Who knew the New York Times had a sexist underbelly? Like the rest of the world we’re just speculating here, but yesterday’s abrupt firing of New York Times top editor Jill Abramson over possible complaints about pay disparity has made us realize something: the struggles shared by many Americans to be paid fairly for their work is also shared by the Executive Editor of the New York Times! (And if that’s true, what hope is there for the rest of us?) The New Yorker's Ken Auletta writes:
As with any such upheaval, there’s a history behind it. Several weeks ago, I’m told, Abramson discovered that her pay and her pension benefits as both executive editor and, before that, as managing editor were considerably less than the pay and pension benefits of Bill Keller, the male editor whom she replaced in both jobs. “She confronted the top brass,” one close associate said, and this may have fed into the management’s narrative that she was “pushy,” a characterization that, for many, has an inescapably gendered aspect.
See lots more about this here.
Of course, she's not the only one. Coincidently, today, hundreds of fast food workers decided to strike in “dozens of U.S. cities” trying to get a barely decent wage - $15 an hour – and the right to form a union.
Restaurants such as McDonald's, Burger King, Wendy's and KFC are being targeted. The strike, targeting the $200 billion fast-food industry at a time of intense competition, is aimed at directing consumer attention to the low wages of most fast-food workers. The one-day campaign continues protests launched 18 months ago.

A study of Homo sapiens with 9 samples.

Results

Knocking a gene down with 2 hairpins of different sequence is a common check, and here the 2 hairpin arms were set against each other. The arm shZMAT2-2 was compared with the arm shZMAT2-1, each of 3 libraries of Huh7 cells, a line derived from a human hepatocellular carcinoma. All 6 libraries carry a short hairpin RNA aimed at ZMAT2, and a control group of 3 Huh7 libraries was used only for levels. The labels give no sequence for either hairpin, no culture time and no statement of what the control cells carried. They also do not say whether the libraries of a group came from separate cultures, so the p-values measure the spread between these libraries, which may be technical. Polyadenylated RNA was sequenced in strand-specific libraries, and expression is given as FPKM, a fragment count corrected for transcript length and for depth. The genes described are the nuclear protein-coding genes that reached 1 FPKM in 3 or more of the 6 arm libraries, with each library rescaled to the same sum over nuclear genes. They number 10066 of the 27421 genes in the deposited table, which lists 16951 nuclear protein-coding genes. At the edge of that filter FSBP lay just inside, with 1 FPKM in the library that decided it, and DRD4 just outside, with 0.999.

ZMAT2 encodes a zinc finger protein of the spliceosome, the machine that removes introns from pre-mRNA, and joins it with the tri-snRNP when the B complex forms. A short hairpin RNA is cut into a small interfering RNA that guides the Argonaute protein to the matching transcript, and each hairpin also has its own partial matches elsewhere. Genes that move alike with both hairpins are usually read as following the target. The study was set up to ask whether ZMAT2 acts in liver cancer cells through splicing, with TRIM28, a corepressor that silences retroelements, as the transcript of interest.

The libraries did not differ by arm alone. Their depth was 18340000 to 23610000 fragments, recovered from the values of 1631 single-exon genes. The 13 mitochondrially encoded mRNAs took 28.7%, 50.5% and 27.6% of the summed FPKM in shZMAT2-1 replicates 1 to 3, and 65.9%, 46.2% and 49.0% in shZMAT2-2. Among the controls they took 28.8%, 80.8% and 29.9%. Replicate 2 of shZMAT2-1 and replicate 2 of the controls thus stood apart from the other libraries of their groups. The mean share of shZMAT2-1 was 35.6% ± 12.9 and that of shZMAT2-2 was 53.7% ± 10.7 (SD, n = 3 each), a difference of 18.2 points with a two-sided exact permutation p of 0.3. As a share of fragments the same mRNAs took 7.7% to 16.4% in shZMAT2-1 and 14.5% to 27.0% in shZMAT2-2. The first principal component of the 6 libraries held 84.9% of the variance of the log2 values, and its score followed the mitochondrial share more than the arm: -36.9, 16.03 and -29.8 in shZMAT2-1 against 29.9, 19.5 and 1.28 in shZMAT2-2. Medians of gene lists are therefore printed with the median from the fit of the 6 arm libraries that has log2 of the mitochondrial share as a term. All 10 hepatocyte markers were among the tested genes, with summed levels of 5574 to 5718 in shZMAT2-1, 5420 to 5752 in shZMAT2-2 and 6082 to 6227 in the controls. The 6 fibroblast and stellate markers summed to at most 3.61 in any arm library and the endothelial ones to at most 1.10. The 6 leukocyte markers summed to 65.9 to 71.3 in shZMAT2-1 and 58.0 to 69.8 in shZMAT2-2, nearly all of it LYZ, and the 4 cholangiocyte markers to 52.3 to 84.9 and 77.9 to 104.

As the workday was getting underway in New York, employees at a McDonald's near Penn Station chanted "unfair wages" as others beat drums and blew trumpets.
In fact, these fast food strikes are happening all over the world today. Meanwhile, check out some of the other companies that have been caught cheating their U.S. workers this week:
“A Walmart contractor that operates many of the retailer's distribution centers has agreed to pay $21 million in backpay to warehouse workers in California who claim they were systematically shorted on pay for years.”
The Lincoln Rehabilitation Center in Decatur, Illinois “has paid $67,000 in back wages after failing to properly compensate employees for overtime.
“Two New Jersey ship repair companies — Bayonne Dry Dock and Repair Corp. and Coastwide Material Supply Corp. — paid $277,565 in unpaid wages and liquidated damages for distribution to 224 workers who worked for the firms at the Military Ocean Terminal in Bayonne, N.J., the Department of Labor reported."
"The United States Department of Labor released a report on Thursday that found Black Bear Burritos, LLC to be in violation of the Fair Labor Standards Act. According to the Department of Labor, $232,295 in back wages is owed to 105 employees from two different restaurants in Morgantown [West Virginia]."
You know that Karl Marx saying, “workers of the world unite? Maybe he was onto something.